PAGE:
A friend of mine recently explained that it’s easy to make so-called “Christian” films for believers. Mercy Me’s recent story “I Can Only Imagine” is a recent example of such a picture. It’s a great piece of work for those who already believe. But it’s not likely to convert any agnostics. Nor is it particularly interesting for those followers of other faith traditions.
But a “Christian” film that really tackles the heart of Christianity head-on, and questions our belief system? Now that’s a little trickier. Trickier to make such a film; and trickier to find an audience. Paul Schrader’s new offering, “First Reformed,” is the rare picture that successfully questions the convictions of the Christian faith. Finding an audience might be a challenge, however.
In another moving performance by Ethan Hawke, “First Reformed” follows the lonely life of Reverend Toller, a former military chaplain assigned to a remote Dutch Reformed church in upstate New York, on the verge of celebrating its 250th anniversary. The church is now primarily a tourist attraction, as Reverend Toller conducts short tours of the church, and sells gift-shop trinkets at the end. First Reformed does still serve a congregation, although the number of regular congregants appears to hover around a dozen.
So how does First Reformed survive? It’s an offshoot ministry of a large, modern megachurch known as Abundant Life, whose senior pastor, Reverend Jeffers, is played by Cedric Kyles (Cedric the Entertainer, in a straight dramatic role). Reverend Jeffers is looking forward to the upcoming sestercentennial, but then he’s not certain exactly what to do with First Reformed. He’s also very concerned for Reverend Toller.
You see, Toller had encouraged his son to join the military. He did, and was killed in action. Toller’s marriage then fell apart, and he now spends his evenings alone in the parsonage, drinking whiskey while writing a 365-day journal about his daily life. Furthermore, Toller’s health is suffering, but he’s reluctant to seek medical help, assuming his life is either (a) doomed, or (b) not worth living. The diary serves as a cinematic tool allowing us to experience Toller’s innermost thoughts via voice-over narration – a technique Schrader used to perfection in his screenplay for Martin Scorsese’s classic, “Taxi Driver.” While dealing with as dissimilar a subject matter as conceivable, “First Reformed” eventually plays out like a Christian version of “Taxi Driver.”
One of Toller’s only communicants, a young pregnant woman named Mary (played by Amanda Seyfried – Cosette in Tom Hooper’s “Les Miserables”), asks him to meet with her husband Michael (Philip Ettinger), an environmental activist dead set against bringing a baby into a world which humanity continues to destroy. It’s a pretty heavy request for a pastor whose greatest daily achievement might be administering a church tour to a group numbering more than three. Furthermore, Toller may have been assigned the First Reformed outpost on purpose. To wit, once he refers to a church pew as a “bench,” and in one service he reads to his congregation from the book of “Revelations,” as opposed to the correct, singular “Revelation.” These are mistakes no man of cloth would make. And Schrader is too smart to have made them inadvertently.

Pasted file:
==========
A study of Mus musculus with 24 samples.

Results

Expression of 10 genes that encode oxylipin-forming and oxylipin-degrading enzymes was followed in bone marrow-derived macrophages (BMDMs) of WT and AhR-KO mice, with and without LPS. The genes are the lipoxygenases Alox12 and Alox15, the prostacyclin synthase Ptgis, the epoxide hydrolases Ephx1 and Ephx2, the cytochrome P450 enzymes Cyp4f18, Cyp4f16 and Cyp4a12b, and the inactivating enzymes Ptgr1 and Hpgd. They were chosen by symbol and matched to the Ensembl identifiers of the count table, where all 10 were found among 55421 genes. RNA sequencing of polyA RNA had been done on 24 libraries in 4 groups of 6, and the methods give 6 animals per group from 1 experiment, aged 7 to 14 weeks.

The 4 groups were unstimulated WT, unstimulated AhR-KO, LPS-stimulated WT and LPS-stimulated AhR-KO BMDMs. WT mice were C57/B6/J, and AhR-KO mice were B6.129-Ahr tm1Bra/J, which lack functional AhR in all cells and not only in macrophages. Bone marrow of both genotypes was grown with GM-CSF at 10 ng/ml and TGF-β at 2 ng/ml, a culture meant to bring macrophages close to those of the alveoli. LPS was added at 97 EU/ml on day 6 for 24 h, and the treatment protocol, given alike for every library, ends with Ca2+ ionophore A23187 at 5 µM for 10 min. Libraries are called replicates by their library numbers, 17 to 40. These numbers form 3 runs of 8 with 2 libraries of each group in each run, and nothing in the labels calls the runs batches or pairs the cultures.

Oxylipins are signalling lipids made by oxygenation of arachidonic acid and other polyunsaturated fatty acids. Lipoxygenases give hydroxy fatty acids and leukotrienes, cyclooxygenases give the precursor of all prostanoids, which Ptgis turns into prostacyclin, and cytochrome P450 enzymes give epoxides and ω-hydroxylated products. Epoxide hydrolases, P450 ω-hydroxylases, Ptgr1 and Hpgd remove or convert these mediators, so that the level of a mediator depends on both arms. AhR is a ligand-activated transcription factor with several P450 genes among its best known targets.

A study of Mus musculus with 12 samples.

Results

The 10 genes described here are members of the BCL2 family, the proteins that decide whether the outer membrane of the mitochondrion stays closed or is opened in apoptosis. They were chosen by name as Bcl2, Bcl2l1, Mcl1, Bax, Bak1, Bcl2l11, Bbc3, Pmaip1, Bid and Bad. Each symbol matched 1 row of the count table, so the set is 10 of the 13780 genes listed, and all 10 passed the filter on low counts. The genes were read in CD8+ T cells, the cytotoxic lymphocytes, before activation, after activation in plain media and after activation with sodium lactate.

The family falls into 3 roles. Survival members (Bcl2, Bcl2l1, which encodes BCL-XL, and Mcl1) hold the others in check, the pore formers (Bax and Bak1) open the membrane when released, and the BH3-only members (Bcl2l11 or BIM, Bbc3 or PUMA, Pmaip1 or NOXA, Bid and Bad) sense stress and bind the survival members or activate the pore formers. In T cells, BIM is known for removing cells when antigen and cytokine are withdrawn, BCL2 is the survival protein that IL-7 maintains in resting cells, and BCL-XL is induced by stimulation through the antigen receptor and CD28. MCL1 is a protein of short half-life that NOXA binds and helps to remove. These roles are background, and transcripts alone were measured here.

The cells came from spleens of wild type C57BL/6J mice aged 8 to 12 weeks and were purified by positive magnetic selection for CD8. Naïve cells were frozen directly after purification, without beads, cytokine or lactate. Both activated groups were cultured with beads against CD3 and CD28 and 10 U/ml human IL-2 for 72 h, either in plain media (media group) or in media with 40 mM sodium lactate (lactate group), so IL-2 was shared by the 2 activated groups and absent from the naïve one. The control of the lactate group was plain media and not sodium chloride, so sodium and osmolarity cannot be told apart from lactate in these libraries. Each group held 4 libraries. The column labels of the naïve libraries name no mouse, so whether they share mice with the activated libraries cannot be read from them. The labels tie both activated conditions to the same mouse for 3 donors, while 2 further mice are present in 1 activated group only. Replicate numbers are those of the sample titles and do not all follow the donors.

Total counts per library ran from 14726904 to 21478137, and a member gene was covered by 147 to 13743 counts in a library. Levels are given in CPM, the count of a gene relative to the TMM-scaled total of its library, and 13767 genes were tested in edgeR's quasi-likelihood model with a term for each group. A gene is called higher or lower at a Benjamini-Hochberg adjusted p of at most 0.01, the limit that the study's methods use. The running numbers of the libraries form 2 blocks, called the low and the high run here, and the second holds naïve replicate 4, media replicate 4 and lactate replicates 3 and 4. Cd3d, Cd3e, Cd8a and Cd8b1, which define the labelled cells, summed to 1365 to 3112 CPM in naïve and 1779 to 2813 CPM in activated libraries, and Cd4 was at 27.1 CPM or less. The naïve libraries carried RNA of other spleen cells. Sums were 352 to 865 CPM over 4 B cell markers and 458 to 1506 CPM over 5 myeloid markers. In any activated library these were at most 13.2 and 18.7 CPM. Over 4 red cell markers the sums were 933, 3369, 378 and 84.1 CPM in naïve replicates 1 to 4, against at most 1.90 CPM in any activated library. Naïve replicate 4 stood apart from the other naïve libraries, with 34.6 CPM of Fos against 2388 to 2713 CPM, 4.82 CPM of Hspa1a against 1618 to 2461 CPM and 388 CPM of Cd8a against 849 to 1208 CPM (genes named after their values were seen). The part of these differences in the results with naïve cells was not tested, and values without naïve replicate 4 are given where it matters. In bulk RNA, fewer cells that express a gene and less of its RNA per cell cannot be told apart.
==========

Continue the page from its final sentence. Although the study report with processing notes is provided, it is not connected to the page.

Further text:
One would think Toller would revel at the opportunity to finally apply his seminarian skills to one of his ever-diminishing flock. But instead, Michael the radical environmentalist inadvertently contributes to Reverend Toller’s defeatist outlook, causing him to question Abundant Life’s largest corporate donor, Balq Enterprises, which happens to be one of the country’s worst polluters. As a Christian, how is Toller to reconcile such a cognitive dissonance, when God calls us to be caretakers of the earth and its rich resources? How is he to console Michael and reassure Mary? Is he developing feelings for Mary, unintentional though they may be?
Reverend Toller’s life is delicately teetering on the edge of a possible violent conclusion (a la Robert DeNiro’s in “Taxi Driver”) – a culmination Schrader is too smart to revisit late in his career, having already covered this ground over 40 years ago. Or is he? As Toller descends deeper into his personal abyss, Schrader’s original screenplay takes an allegorical turn, which might be seen as an artifice to those anticipating more of a straight-line story about the struggles of a modern-day minister (such as Robert Bresson’s “Diary of a Country Priest”). Ironically, Scorsese is said to have based “Taxi Driver,” in large part, on Bresson’s film. But I believe Schrader’s dream sequence and finale represent a personal conversion and rapture for Reverend Toller.
“First Reformed” is a picture ripe for post-viewing discussion. Leave time for drinks and/or dinner after watching it. Ethan Hawke’s brilliant and tortured work may be the best of his career. And Schrader’s screenplay is likely his finest achievement since “Raging Bull.” But “First Reformed” stands on its own without any influence from these previous pictures. It is a crowning achievement to Schrader’s career, and while it won’t be everyone’s cup of tea, “First Reformed” ranks with “Lean on Pete” and “The Rider” as one of the best pictures so far this year.